For part 2 of today’s (day 17) of Advent of Code, although there’s a much smarter way to do it, I replaced some slow Array-backed code with fast-insert code using a circular list. Which required mutation. Which resulted in a bug: my initial test code gave correct answers, but subsequent uses of this code started to lie.
I’m giving you this time so that you can emotionally prepare yourself, after hearing “circular list” and “mutation”. There will also be OO objects.
class spinlock steps = object (self) val mutable buffer = (let rec list = 0 :: list in list) val mutable zero =  val mutable n = 1 val steps = steps method buffer = buffer method zero = zero method show = Printf.printf "(%d)" (List.hd buffer); for i = 1 to 3 do Printf.printf " %d" (List.nth buffer i); done; print_newline () method step = for i = 1 to steps do buffer <- List.tl buffer done method insert = self#step; Obj.set_field (Obj.repr buffer) 1 (Obj.repr (n :: (List.tl buffer))); buffer <- List.tl buffer; n <- n + 1 initializer zero <- buffer end let part0 = let p = new spinlock 3 in p#show; p#insert; p#show; p#insert; p#show; p#insert; p#show; p let part1 = let p = new spinlock 301 in for i = 1 to 2017 do p#insert done; p#show; p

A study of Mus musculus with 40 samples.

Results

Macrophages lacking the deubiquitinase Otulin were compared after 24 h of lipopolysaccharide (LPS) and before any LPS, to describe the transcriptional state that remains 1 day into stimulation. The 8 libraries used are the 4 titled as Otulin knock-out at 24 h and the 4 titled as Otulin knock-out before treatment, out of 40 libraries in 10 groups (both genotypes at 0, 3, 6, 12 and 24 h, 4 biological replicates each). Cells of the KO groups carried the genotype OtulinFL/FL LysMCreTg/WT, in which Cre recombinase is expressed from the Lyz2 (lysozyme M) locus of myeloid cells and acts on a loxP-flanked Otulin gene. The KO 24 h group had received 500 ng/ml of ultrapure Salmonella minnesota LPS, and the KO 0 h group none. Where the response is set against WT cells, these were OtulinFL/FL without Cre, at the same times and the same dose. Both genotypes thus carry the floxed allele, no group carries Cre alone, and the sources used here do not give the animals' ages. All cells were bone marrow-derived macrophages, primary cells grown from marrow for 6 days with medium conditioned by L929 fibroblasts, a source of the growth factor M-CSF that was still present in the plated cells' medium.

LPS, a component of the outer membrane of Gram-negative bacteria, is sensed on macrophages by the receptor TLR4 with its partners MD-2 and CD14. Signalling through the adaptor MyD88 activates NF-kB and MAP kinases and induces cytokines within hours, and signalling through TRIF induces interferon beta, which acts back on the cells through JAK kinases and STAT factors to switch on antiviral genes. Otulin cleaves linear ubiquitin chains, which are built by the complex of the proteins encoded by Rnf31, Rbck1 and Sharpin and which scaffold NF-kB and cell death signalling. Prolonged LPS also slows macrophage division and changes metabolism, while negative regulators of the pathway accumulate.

part1 gives different output depending on whether
part0 happens (as it does above) or not (as when it is commented out).
I guessed that
buffer was getting shared between the spinlocks and was able to avoid the bug, getting correct answers, by passing an initial value:
class spinlock steps init = object (self) val mutable buffer = (let rec list = init :: list in list) ...
But this seems like something that only accidentally works. Is there a more reliable way to ensure that each
spinlock is mutating its own private list?